Stealing, lying and other outrageous things you do while traveling

Stealing, lying and other outrageous things you do while traveling

You may not believe the outlandish ways some tourists save money on the road. What are your money-skimping secrets?
Nice hotel. Too bad he’s not actually staying in it.

You walk into your Caribbean resort’s lobby and see a promotional sign: “Free suite upgrade for newlyweds.”

Do you and your mate tell a white lie and snag the cheap trip?

Plenty of travelers would.

According to a recent survey, 5.5% said they’ve pretended to be on honeymoon or celebrating a birthday or anniversary to get a room upgrade while on vacation.

Others admitted to sneaking into the swimming pool of a resort where they weren’t staying. In an effort to save some coin, a few skinflints have gone so far as leaving a bar or restaurant without paying the tab.

These are just some of the outrageous things British holidaymakers admitted to doing while on vacation in order to cut costs, according to a March survey commissioned by the London-based International Currency Exchange to mark the launch of the company’s new Travellers Cashcard.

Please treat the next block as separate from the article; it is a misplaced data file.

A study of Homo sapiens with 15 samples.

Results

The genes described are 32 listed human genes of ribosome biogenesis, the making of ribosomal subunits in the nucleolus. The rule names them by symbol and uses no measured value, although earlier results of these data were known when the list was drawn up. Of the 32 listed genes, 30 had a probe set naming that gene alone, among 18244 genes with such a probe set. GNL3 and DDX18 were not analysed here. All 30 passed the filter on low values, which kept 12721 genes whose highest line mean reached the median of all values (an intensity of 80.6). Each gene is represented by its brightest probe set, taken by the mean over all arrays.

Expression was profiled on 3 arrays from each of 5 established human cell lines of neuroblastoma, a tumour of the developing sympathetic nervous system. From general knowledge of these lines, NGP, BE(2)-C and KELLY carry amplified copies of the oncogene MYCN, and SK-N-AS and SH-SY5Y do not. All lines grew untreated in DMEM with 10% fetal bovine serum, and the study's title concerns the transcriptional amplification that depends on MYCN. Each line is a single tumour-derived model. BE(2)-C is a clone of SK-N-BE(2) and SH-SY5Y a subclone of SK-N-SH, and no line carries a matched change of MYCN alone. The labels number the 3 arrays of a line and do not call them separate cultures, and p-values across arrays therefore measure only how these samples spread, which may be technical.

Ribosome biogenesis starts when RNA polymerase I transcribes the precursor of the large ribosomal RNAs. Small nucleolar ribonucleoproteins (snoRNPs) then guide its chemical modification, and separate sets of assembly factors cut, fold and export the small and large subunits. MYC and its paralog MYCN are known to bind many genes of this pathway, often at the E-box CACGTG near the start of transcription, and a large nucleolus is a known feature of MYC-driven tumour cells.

Conducted by market research company OnePoll, the survey also revealed a number of ways that Brits have saved money prior to going on vacation.

Dine and dash

Pocketing food from the breakfast table in order to avoid having to pay for lunch is the most popular way to save money, with close to 39% of those surveyed admitting to pilfering from the breakfast buffet.

Of survey respondents, 1.4% said they’ve left a restaurant or bar without paying their tab.

If stealing isn’t enough, 11.2% admitted to lying about the age of their children to pay less for theme park admission.

To get a five-star holiday on a two-star budget, you could follow the lead of 11.65% of respondents who have “borrowed” the facilities of a nearby resort or the 7.65% who have used another hotel’s shuttle bus services.

Others simply avoided tipping at bars and restaurants or bought food and drink from the supermarket.

Most worryingly, perhaps, is the more than 27% who admitted to using “other” money-saving methods, leaving us to ponder what nefarious techniques they might be employing to skimp on costs.  

How about you? Ever dined and dashed? Lied about your marital status or stuffed breakfast muffins in your pockets on the way out the door?

Share your money-saving shame and secrets in the comments section below. We know you’re not as wholesome as you look. 

Qin Xie is a London based freelance journalist and trained chef. When not infiltrating Michelin restaurants as a kitchen tourist, she writes about food, drink and travel. Her work has appeared on Yahoo, FT, The Times and of course CNN. She has also just started working on her first book.